SBCCTG Finishes its season with hilarious modern romantic comedy
When: 7:30 p.m. tonight and Wednesdays through Saturdays. 2 p.m. Saturdays and Sundays. Through Apr. 27
Where: SBCC’s Jurkowitz Theater, West Campus
Cost: $26 – $17
Information: (805) 965-5935 or www.theatregroupsbcc.com
Over this last season at SBCC’s Theatre Company, student actors have played 1930s entertainers, medical staff at a 1940s asylum, and 1950s highschoolers. For its season closer, however, they are finally back in the modern world in Significant Other. In Joshua Harmon’s romantic comedy, late-20 somethings must contend with their current station in life versus their hopes and dreams, and what to do when everybody seems to be starting a life except for you.
Harmon’s other comedy, the scabrous “Bad Jews,” came to Santa Barbara in 2016. “Significant Other” is his followup.
“it’s very different from most of the plays we do,” says director Katie Laris. “It tries to capture the anxiety of young people about what path to go in their life. But it also speaks to experiences that everybody’s had.”
The playwright himself summed it up in an interview: “How do you make life work for yourself when you feel that you’re not living the life you’re supposed to be living or want to be living? And how do you deal with that when the changes that you need to make are in some ways outside of your control?”
In the play, Jordan (Christian Duarte) is fresh out of college, but watching everybody he knows pair up and settle down. Thing is, he’s gay, and his female friends are not. Always a bridesmaid and never a bride? Jordan doesn’t even get to join them down the aisle. The search is definitely on for Mr. Right even though it feels time is running out.
However, he does have one ally in his family, his grandmother, played by Marion Freitag. Having lost her husband she’s lonely in a similar but different way, and the two bond unlike anything before.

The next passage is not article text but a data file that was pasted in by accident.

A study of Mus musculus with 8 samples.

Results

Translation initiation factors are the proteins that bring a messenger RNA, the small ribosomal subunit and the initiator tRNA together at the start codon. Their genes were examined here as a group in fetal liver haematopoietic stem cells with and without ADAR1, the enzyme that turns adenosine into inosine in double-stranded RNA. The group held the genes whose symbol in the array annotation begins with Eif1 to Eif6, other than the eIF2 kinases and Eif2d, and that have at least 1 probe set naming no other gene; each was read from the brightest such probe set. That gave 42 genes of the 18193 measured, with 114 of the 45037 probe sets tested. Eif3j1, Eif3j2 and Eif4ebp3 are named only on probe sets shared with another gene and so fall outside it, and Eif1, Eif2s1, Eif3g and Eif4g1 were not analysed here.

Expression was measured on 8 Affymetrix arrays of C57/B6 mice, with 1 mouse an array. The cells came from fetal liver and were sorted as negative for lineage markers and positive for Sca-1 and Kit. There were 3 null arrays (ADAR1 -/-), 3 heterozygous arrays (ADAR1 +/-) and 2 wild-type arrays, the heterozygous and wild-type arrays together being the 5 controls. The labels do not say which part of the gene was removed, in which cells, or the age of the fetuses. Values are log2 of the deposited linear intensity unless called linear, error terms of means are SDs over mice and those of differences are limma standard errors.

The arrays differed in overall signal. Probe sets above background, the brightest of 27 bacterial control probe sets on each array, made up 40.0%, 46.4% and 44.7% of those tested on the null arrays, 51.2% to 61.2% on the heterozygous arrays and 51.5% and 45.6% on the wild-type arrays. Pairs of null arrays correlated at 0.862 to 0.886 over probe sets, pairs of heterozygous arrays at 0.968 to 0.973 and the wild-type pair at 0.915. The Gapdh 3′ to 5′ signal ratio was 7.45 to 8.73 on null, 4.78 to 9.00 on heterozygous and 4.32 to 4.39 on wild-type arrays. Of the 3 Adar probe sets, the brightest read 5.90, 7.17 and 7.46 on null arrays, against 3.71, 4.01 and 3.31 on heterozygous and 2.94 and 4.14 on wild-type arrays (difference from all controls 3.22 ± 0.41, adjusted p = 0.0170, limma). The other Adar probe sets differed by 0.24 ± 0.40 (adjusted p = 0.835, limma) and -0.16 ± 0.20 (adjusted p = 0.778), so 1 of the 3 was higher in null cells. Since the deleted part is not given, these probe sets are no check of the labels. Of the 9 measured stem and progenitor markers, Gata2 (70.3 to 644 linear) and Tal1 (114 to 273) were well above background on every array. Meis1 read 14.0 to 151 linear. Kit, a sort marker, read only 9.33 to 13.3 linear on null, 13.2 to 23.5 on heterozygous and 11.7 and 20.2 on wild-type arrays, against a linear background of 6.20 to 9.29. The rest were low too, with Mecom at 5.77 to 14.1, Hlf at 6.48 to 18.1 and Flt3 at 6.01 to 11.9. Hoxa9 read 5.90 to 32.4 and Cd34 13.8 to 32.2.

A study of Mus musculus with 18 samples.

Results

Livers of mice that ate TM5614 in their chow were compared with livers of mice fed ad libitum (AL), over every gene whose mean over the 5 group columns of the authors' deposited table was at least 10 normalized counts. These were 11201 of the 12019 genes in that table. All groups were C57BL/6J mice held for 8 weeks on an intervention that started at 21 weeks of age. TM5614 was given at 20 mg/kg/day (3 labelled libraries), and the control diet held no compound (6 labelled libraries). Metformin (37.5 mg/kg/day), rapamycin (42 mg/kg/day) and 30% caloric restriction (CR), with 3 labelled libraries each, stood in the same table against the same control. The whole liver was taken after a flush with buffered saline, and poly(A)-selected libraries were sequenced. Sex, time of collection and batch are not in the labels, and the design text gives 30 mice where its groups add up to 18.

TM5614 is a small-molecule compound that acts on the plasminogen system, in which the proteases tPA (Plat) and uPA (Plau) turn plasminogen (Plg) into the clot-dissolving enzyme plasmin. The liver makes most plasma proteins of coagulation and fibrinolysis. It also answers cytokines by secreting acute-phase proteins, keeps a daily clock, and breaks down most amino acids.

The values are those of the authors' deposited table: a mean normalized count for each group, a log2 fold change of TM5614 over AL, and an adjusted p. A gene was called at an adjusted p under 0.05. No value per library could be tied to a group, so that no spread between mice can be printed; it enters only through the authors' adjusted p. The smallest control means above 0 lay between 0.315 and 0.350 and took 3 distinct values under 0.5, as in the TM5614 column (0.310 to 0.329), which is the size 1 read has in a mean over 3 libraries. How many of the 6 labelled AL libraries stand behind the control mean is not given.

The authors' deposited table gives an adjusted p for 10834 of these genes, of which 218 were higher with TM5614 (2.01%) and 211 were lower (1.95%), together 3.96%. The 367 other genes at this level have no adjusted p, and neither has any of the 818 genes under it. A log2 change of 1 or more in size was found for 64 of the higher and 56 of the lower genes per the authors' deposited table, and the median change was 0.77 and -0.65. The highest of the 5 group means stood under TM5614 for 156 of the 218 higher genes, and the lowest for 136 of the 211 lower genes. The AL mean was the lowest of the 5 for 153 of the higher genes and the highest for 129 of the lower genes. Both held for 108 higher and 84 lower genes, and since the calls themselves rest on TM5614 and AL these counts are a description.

“These feelings know no age, and my (student) actors can related,” Laris says. “These concerns and anxieties are ageless.”
Laris first met lead actor Christian Duarte when he auditioned for “Grease” and landed the part of Roger. “He was so funny and so real in that play, so I thought of him when I set out to do this play,” says Laris. “I know how much vulnerability, heart, and warmth he would bring to the part. He also has more lines than Hamlet does. He has these unbelievable monologues and is on stage the entire time.”
Also in the cast Hazel Brady as Kiki. A former SBHS theater star, she’s been working in L.A. a lot, where she has been working on her comedy; Aurora Gooch plays Jordan’s best friend Laura; Irving Soto comes from UCSB; Annabell Walker is Duarte’s real-life sister and like him attended the Coronado School of the Arts; and Manuel Davila from SBCC and Justin Kang from UCSB round out the cast.
“You can get so caught up in chasing what you think a perfect life can be that you can’t possibly be happy,” she adds. “A lot of the play is about looking for and finding that close-friend connection.”
SBCC’s Jurkowitz Theater makes for a very intimate and funny evening, which also uses projections to brings audiences into the feel of New York City. “You can’t help but be immersed in the lives of these characters,” says Laris. “And that aspect of connecting with human energy is quite present in the room.”